Canadian Surveillance State

February 5, 2014

In December U.S. whistleblower Edward Snowden released secret documents that implicated the Conservative government and the Communications Security Establishment Canada (CSEC) in covert American spying during the 2010 G8 and G20 summits.

The government refused to provide any comment, however Rob Nicholson (Minister of National Defence) stated:

Mr. Speaker, I cannot comment on specific foreign intelligence activities or capabilities. That being said, as I pointed out before, this organization is prohibited from targeting Canadians.

Nicholson was either kept in the dark by CSEC or he being was less than frank.

As it turns out CSEC has been targeting CanadiansDocuments released by Snowden last week confirm that Canada’s spy agency collected and used electronic information obtained from passengers traveling through a major Canadian airport.

The covertly obtained personal electronic information was used to track the wireless devices of thousands of individuals – sometimes for days after they left the airport.   Individuals initially targeted at the airport were tracked to hotels, other airports and various WiFi access points in destination cities.

CSEC did not deny the veracity of the Snowden documents and issued a statement acknowledging and defending the covert collection of Canadian metadata.

Contrary to Nicholson’s statements Canadian’s were targeted.

Yet the Nicholson and the Conservatives continue to maintain that Canadians were not targeted:

Mr. Speaker, it is my understanding that CSEC made it clear to the CBC that nothing in the documents they had obtained showed that Canadian communications were targeted…

It was never alleged that communications were collected- the Snowden documents disclosed that metadata – data about data – was targeted.

The collection of metadata would allow the creation of a detailed profile of a person using their digital footprint.  Metatdata collection would facilitate the tracking of a person’s digital history and movement.  In fact, there is a compelling case to be made that collection of metadata may be more revealing and intrusive than traditional eavesdropping.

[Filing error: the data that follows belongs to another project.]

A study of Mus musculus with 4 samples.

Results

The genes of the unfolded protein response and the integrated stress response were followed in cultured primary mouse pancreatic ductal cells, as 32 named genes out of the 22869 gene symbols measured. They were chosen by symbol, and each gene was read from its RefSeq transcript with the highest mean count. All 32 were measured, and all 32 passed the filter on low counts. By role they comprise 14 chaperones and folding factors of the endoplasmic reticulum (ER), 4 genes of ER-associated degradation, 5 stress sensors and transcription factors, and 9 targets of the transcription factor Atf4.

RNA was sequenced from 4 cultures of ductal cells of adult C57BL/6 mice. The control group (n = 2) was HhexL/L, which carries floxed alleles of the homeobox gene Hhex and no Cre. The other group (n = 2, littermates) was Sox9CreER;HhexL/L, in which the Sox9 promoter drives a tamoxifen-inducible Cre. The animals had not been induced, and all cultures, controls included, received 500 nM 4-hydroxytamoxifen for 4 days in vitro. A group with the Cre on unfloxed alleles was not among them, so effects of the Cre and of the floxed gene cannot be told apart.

The Supreme Court of Canada recently found there to be an increased privacy level in electronic data (including metadata):

Computers store immense amounts of information, some of which, in the case of personal computers, will touch the “biographical core of personal information” referred to by this Court in R. v. Plant, [1993] 3 S.C.R. 281, at p. 293.  The scale and variety of this material makes comparison with traditional storage receptacles unrealistic.

As the appellant and the intervener the Criminal Lawyers’ Association point out, computers contain information that is automatically generated, often unbeknownst to the user.  A computer is, as Gold put it, a “fastidious record keeper”: para. 6. Word-processing programs will often automatically generate temporary files that permit analysts to reconstruct the development of a file and access information about who created and worked on it.  Similarly, most browsers used to surf the Internet are programmed to automatically retain information about the websites the user has visited in recent weeks and the search terms that were employed to access those websites. Ordinarily, this information can help a user retrace his or her cybernetic steps. In the context of a criminal investigation, however, it can also enable investigators to access intimate details about a user’s interests, habits, and identity, drawing on a record that the user created unwittingly … This kind of information has no analogue in the physical world in which other types of receptacles are found.

Contrary to the Conservative position CSEC’s covert spying cannot be defended on the basis that the organization was only targeting metadata.

Afterall, the topic of metadata and privacy is nothing new for the Conservatives.  The recent cyber-bullying legislation – bill C-13 – focused to a large extent on the collection of metadata.  I have been critical of the relaxed privacy standards found in C-13 – however even C-13 requires some judicial oversight (reasonable suspicion) for the state to seize metadata information.

There appears to have been no oversight or supervision of CSEC’s collection of data.

One may also question how CSEC obtained the metadata?

Was CSEC able to independently obtain data via private WiFi connections – a scary thought. Alternatively, were telecommunication companies acting in concert with CSEC – perhaps even scarier.

The prospect of complicity or cooperation by telecommunications companies is troubling given that the government is proposing blanket civil and criminal immunity for any telecommunications company who supplies information to the state.

Despite government spin there is good reason to believe that CSEC’s activities exceeded the scope of their mandate, were inconsistent with Charter principles, conflicted with Supreme Court rulings, and were illegal.

More troubling than CSEC’s activities is the egregious abdication of responsibility on the part of the Conservatives.

In simple terms CSEC secretly targeted Canadians and were caught – the Conservative just don’t seem to care.